Big 12 Campus Correspondent
For Malika Rose, it has always been about working her way up to the top, especially with tennis.
Rose, a junior at Oklahoma State, got her first taste of tennis when she was 6 years old. Her father, a tennis pro at Midtown Tennis Club in Manhattan, N.Y., put a racket in her hand, and she has been playing ever since, she said.
Rose began practicing with different academies all over the state of New York as she became more skilled at the sport. At 12, she and her family moved to Miramar, Fla., to play tennis year-round and seek out more opportunities. As her coach, her father took her to tournaments around the country in an effort to improve her game.
Playing tennis 24/7 does take its toll. In 2008, Rose suffered a back injury due to overplaying, she said. As a result, she missed out on several recruiting opportunities. However, that didn't stop her from looking.
"It's probably the most important year when it comes to recruiting, and I missed that year," she said. "I took a year off to give myself time to scout, and I was looking at Vanderbilt and Fresno State along with a few other schools."
In the summer of 2009, at a tournament in St. Joseph, Mo., Rose met Cowgirl tennis coach Chris Young. At the time, Young was the women's tennis coach at Wichita State University. The two exchanged contact information for a possible recruit visit. Weeks later, Young shared with Rose news of him moving to Oklahoma State to coach tennis and invited her to take a campus tour.
After visiting OSU, Rose narrowed down her options.
"It was between OSU and Vanderbilt," she said. "My dad really wanted me to go to Vanderbilt for the academics, but I wanted to go to OSU because of the coaching staff. It was a tough decision."
Rose decided on Oklahoma State and enrolled in the spring of 2010, making her Young's first recruit at OSU.
Just three days after arriving to OSU, Rose played in her first collegiate dual match against Arkansas at No. 5 singles. She went on to have a season she was expected to have, she said.
The next fall, the OSU coaching staff brought in C.C. Sardinha, a transfer from Syracuse, and Kanyapat "Meaw" Narattana, a freshman from Thailand.
Rose thought there would be no place for her in the starting lineup.
"I was competing for my spot because we had two extra girls," she said. "The lineup wasn't looking too good for me."
She stared the challenge in the face and spent her sophomore season making her way up the lineup. At the start of the spring season, Rose went back and forth playing at positions No. 5 and 6. Rose cruised along the first half of the season undefeated so Young moved her to the No. 4 spot for the Tulsa match. There was still no stopping her.
"I played an ex-teammate from Oklahoma State," Rose said. "There was a lot of pressure in that match. Beating her playing No. 4 for the first time was pretty memorable. After that, I just kept winning."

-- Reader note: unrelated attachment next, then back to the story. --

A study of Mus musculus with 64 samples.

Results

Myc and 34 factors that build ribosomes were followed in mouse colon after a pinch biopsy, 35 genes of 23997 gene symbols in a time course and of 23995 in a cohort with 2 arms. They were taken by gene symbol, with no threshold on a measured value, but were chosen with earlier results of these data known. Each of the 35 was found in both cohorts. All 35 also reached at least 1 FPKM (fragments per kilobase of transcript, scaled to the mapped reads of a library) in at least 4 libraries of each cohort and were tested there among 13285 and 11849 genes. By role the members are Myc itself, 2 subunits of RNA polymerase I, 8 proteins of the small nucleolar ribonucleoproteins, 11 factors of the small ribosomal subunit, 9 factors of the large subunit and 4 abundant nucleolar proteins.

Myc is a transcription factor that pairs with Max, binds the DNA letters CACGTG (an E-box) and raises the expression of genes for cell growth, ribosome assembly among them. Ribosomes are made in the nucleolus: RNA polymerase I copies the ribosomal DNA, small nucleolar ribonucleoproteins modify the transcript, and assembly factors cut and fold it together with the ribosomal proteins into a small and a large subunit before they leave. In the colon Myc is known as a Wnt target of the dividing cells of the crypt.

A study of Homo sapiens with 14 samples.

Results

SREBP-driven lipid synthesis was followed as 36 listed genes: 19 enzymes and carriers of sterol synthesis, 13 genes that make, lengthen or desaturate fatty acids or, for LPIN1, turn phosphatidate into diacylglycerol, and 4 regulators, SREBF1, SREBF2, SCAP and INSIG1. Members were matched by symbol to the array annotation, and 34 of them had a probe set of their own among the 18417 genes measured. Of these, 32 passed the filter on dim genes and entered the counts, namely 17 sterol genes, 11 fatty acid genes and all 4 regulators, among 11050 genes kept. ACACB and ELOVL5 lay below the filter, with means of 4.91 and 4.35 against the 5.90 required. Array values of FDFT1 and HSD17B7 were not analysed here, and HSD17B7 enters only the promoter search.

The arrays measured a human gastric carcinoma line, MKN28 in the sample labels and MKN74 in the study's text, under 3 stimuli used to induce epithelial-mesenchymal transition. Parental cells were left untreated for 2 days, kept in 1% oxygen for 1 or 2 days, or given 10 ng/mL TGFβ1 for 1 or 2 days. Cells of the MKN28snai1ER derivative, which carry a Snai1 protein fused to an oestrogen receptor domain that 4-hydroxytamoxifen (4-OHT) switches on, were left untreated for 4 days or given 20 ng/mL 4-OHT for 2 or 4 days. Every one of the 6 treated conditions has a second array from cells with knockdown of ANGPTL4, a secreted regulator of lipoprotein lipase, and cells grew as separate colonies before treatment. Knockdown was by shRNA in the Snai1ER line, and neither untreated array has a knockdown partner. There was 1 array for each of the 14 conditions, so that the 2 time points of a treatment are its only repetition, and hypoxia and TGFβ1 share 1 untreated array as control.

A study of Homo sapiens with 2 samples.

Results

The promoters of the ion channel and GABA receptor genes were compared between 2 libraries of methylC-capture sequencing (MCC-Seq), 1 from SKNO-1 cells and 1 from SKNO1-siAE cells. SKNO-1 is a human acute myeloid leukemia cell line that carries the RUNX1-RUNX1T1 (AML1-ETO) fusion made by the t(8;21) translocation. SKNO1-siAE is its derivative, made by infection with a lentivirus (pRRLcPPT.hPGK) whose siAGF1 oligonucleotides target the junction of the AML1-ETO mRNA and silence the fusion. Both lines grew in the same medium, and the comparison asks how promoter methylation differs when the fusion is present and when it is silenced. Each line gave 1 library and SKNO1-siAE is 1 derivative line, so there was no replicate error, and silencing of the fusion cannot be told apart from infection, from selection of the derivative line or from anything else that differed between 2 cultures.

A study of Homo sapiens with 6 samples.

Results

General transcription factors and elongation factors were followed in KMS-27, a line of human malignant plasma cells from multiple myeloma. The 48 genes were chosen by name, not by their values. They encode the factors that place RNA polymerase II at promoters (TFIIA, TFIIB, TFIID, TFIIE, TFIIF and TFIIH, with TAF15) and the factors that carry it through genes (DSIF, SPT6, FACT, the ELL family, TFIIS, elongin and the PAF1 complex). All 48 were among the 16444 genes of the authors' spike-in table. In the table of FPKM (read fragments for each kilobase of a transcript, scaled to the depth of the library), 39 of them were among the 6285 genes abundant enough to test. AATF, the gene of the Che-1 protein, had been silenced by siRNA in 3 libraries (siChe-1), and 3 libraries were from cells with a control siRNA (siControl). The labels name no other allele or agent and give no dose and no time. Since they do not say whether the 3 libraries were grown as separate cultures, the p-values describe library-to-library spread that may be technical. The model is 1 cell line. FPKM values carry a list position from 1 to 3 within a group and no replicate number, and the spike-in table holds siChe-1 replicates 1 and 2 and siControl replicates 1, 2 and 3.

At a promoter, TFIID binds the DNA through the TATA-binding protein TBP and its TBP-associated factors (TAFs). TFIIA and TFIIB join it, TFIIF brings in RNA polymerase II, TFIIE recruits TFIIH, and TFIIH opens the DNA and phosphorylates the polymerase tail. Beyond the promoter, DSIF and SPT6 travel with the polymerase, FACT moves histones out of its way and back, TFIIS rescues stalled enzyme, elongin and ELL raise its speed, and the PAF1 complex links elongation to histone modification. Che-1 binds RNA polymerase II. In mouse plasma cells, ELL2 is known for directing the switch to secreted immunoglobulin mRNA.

With the Cowgirls' home opener against Baylor approaching and Rose sitting on a solid 12-0 record, she was bumped up another spot and played the No. 3 position. It was her first loss of the season. She continued to play No. 3 and finished her 2011 spring campaign with a 16-6 overall record.
It was no shock that Rose had climbed her way up to competing at No. 2 singles to start the 2011-12 season.
"My junior year, I came in with high expectations because I had such a good sophomore season," Rose said. "Coach put me at No. 2, and I've been playing it ever since."
The junior has delivered a season worth talking about. Rose's performance this season has decided many doubles points, match decisions and even a bid to the NCAA tournament.
On April 22, 2012, she did all three of those things in the regular season finale when Oklahoma State defeated then-No. 6 Texas for the first time in more than 20 years.
Rose and doubles partner, Narattana, sealed the doubles point for the Cowgirls to start the day, giving OSU the advantage going into singles.
The match decision came down to the No. 2 singles court where Rose took Noel Scott to a third set. After being down, 2-0, Rose gave the crowd an exciting show winning six games in a row to take the set and the match.
OSU's win over Texas boosted the Cowgirls to a No. 37 ranking and a spot in the NCAA Championship.
"Definitely the win against Texas would be the biggest accomplishment this season," Rose said. "It was pretty dramatic and one of the best wins I've ever had."
Not only has Rose improved her singles game, she has also brought her doubles game to a new level.
"I think her doubles play is probably what has improved most out of anything," Young said. "She'll be the first to tell you that when she came here, she wasn't used to playing doubles. She wasn't comfortable at the net and now watching her play, she's very active, knows where she needs to be and puts herself in a good spot."
Young said Rose has been a big part of the program's quick turn-around.
"She's helped really turn around our program, and I think that's important," Young said. "I'm proud of Malika for her development. This season has been a marker for her improvement since she came here. She's been through each stage of development, and she has an understanding of herself, what's expected of her and what's expected of the team."
Rose is thankful for the opportunity she has been given, and she knows she has the opportunity to make even more of an impact on the Cowgirl program.
"It's kind of sad knowing that next year will be my last season, but overall my experience has been great and I'm looking forward to my final memories as a Cowgirl," Rose said. "I think if I work hard and I stay dedicated then I can achieve big things."